Four thousand health workers with Boston-based Partners In Health were already working in Haiti with the Ministry of Health when the earthquake hit earlier this week.
They were working like they usually do, managing 10 hospitals and other facilities in the rural areas far to the north of Port-au-Prince, says communications director Andrew Marx.
But routine went out the window on Wednesday. The hospitals, doctors, nurses, and community health workers reinforced the health system in rural areas on two fronts. First, they are helping to manage and care for the "the influx of earthquake victims coming mainly from Port-au-Prince," Marx says, and second, "they're building up the supply chain to Port-au-Prince."
Planes are unable to land in many areas, so supplies are being ferried in from the Dominican Republic, he says.
"We've taken down several truckloads of supplies so we can set up field hospitals and medical stations where they can treat a lot of the injuries and disease that earthquake victims are suffering from," Marx says. "For those who need surgical care that's too difficult to do in the Port-au-Prince area, we transport them back up to a hospital [here]."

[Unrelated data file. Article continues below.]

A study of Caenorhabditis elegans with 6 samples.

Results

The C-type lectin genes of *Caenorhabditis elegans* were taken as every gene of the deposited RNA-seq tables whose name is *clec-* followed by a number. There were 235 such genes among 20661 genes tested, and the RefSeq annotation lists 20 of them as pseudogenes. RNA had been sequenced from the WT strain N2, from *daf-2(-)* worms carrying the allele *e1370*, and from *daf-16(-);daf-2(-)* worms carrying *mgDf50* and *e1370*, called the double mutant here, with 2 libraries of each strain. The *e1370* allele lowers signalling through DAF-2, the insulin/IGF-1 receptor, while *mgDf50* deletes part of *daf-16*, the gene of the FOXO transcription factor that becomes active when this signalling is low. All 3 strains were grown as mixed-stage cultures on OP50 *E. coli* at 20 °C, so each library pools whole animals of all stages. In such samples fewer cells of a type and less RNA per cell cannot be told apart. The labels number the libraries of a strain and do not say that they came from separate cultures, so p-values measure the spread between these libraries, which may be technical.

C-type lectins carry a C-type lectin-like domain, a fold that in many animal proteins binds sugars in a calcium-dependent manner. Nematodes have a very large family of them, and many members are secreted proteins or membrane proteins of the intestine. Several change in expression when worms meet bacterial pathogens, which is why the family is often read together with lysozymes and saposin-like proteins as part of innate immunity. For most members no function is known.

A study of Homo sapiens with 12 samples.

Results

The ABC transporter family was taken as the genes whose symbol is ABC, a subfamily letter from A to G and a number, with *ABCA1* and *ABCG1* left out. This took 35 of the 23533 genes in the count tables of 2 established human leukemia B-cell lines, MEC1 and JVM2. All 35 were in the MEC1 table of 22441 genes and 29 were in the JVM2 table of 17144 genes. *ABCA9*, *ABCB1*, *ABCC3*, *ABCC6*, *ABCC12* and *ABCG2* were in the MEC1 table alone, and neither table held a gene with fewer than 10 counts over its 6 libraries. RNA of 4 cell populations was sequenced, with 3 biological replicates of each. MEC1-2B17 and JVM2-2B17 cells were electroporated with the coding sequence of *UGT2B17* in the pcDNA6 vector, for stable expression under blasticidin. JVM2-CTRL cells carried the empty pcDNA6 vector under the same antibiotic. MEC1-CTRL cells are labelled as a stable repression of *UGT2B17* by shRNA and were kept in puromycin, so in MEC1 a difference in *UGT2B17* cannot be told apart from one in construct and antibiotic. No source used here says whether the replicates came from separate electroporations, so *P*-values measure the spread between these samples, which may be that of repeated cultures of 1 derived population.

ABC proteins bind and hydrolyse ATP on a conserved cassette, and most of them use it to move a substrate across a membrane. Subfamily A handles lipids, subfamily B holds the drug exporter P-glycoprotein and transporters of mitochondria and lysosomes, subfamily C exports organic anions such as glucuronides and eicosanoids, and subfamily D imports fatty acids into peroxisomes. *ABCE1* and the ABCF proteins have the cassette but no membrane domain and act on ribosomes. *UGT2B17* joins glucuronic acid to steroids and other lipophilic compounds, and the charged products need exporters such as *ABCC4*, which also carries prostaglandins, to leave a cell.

Marx says communication with doctors and nurses in the field has been tough. And e-mail is spotty and brief, but he believes the medical staff is facing patients with a lot of fractures. "But a lot of people are telling us the death toll is very high."
For now, he says, they have a shortage of anesthesiologists and surgeons, but advises that health providers who aren't specially trained in these types of disasters should stay home for now.
Food supplies are in short supply, as are places to sleep and water. There are logistical problems for people who want to come and help.
Marx says that before the earthquake, Partners In Health "used to say with confidence that we were the largest healthcare provider in rural Haiti. And with all the damage that took place in Port-au-Prince, we may now be the largest healthcare provider in the country."
Marx also says the teams are awaiting word on a few PIH workers who haven't checked in since the quake. They're not too worried about them yet, he says, because it's understood that those who found themselves in remote areas Wednesday were not able to communicate. Some who were initially feared dead have since reported in, which reassured the teams about the others, he says.